Now, we all know this happens. Stuff gets copied all the time from the first school report copied directly out of the encyclopedia (ok, they didn't have computers while I was in school) to stuff going viral over the internet in minutes... like this one did. We learn as we grow what we are able to copy and what not to.
It would seem to me to be a no brainer when it comes to lifting an actual article from somewhere off the internet, you should obviously get permission. A writer and an artist has the right to have control over their work to a certain extent. And when your works stand the test of time, such as Shakespeare or Michaelangelo, even though out of copyright reach, would, if someone claimed as their own outrage the public no end.
Monica posted the above Live Journal post last Thursday about how her article ended up in a little known cooking magazine and that post has caused quite a firestorm. Why? Well, Judith Griggs, the editor of said magazine would have us believe it was because of an overworked mistake on the part of her staff. (I'm not convinced she really has a "staff", but that is my opinion only.) But no. When contacted about the article Judith wrote such a snarky response to the author that it was just not to be believed. (Monica includes it in her live journal post above.) In effect, Judith stated not only did she have the right to use that article, but that the author should be grateful and pay her for her editing efforts. Wow.
This touched off a rocket of indignation (even the Washington Post picked it up) that an honest to goodness editor with that much experience could actually believe any of the drivel she had sent to Monica in her email. People immediately started "liking" the magazine's FB page and commenting on what they thought of the whole fiasco. Of course, mob mentality took over. Some comments only showed the glee of pointing fingers at someone else. Some were very brutal and mocking. The more intelligent were actually researching past articles and posting links to where they came from, some even from the Food Network. People were split about 50/50 on whether to support the advertisers in her magazine or not. Myself, I hope the advertisers pull their money, not supporting a thief, and then I hope people support those small businesses like crazy.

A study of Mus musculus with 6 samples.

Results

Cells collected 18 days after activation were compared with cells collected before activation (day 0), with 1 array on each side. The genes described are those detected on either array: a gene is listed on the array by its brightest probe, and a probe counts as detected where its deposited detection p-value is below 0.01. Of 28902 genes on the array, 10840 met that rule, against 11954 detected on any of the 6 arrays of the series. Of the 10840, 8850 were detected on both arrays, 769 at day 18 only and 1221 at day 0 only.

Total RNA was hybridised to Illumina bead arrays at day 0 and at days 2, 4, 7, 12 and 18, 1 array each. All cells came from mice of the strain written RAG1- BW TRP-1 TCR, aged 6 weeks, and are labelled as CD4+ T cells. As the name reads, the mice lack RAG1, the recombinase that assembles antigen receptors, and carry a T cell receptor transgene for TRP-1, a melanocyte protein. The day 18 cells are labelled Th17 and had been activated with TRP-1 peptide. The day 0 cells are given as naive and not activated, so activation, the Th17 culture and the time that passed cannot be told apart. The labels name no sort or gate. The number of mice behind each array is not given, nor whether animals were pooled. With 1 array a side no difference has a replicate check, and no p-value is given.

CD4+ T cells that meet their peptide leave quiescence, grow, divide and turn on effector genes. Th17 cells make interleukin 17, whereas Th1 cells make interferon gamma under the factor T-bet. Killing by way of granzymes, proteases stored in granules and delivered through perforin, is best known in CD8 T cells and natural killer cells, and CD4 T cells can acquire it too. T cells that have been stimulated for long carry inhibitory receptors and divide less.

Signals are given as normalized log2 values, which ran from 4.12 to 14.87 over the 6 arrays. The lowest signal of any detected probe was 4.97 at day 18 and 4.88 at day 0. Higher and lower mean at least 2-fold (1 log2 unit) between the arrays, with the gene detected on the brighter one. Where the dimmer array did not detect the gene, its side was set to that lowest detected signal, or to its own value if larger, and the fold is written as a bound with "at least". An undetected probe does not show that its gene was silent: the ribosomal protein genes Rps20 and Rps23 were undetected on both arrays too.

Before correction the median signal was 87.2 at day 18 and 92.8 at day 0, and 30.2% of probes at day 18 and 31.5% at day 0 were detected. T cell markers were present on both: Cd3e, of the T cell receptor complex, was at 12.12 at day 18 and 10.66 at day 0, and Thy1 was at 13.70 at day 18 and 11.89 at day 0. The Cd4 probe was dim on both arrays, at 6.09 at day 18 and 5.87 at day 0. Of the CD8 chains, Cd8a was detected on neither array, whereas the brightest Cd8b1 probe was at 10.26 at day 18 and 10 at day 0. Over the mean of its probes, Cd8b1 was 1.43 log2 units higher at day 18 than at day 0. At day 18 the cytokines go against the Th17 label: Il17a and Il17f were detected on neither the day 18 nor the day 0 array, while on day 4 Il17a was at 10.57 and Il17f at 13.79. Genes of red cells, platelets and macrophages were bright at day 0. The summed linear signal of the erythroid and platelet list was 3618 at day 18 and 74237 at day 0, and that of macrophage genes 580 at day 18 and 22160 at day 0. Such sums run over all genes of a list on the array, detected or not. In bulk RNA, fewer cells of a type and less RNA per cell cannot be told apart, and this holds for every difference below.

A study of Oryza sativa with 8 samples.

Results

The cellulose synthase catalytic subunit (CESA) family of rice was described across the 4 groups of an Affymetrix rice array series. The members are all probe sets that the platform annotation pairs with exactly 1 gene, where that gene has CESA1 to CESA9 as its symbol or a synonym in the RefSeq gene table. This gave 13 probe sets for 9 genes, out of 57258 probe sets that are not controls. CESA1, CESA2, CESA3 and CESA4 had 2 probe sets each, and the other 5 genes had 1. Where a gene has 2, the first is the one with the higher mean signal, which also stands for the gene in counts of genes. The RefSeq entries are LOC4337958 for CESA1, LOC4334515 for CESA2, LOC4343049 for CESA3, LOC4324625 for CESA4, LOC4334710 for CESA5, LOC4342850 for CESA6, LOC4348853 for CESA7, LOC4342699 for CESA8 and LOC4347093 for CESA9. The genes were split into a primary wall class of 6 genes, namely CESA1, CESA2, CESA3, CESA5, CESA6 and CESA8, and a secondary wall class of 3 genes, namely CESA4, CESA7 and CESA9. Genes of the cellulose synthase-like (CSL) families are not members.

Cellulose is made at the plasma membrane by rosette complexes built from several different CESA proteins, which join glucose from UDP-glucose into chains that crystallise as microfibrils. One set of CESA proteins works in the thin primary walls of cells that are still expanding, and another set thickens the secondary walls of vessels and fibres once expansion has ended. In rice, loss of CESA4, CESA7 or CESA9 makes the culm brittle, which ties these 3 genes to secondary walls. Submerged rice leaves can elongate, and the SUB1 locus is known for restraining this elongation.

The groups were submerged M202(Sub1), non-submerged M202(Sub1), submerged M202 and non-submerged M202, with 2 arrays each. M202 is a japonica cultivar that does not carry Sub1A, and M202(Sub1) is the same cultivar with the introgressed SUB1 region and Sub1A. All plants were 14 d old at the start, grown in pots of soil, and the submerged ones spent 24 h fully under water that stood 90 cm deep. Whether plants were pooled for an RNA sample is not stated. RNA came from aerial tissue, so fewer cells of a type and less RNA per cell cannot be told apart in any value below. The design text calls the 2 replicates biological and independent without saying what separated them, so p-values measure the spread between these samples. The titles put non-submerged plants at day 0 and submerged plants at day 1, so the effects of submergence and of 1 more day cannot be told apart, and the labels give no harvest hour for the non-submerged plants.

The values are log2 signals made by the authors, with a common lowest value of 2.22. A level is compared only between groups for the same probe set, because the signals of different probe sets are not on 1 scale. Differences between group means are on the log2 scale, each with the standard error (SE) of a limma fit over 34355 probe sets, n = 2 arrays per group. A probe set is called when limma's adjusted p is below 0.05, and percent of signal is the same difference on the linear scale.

Well, hopefully Judith has learned one lesson from this experience. Once your words are sent on the internet, even if you think it's a private email... those words are out there. They can't be brought back. I hope she's learned the following as well:
1) Just because something is on the internet does not make it public domain.
2) Old English is still acceptable on sites that deal with historical cooking. They don't need your editing.
3) While she claims she apologized to Monica, and sent the donation she requested, she maintains an air of superiority on her web site and does nothing to acknowledge the rest of the stealing. http://www.cookssource.com/
4) I hope she learns more about the internet. She refers to her FB page as being "hacked", not realizing that page is a public page, people can post what they want.
5) I hope she learns more about research, an important skill for an editor. Finding a phone number for FB shouldn't really be that difficult. Call the business office of the state where they are licensed to do business.
Now, we ALL makes mistakes. In reality, that IS how we learn. The point is to learn from the mistake, admit it, take action to correct it and move on. Don't try to deny it, make it look like you really knew what you were doing all along and are somehow superior to others. As artists let us respect others' work, it never hurts to even say, hey, this artist inspired me. Lifting each other up can only enhance our own art and take it to new levels. But artist or not, let's hope we all learn a lesson from this about how words are on the internet... quite possibly forever.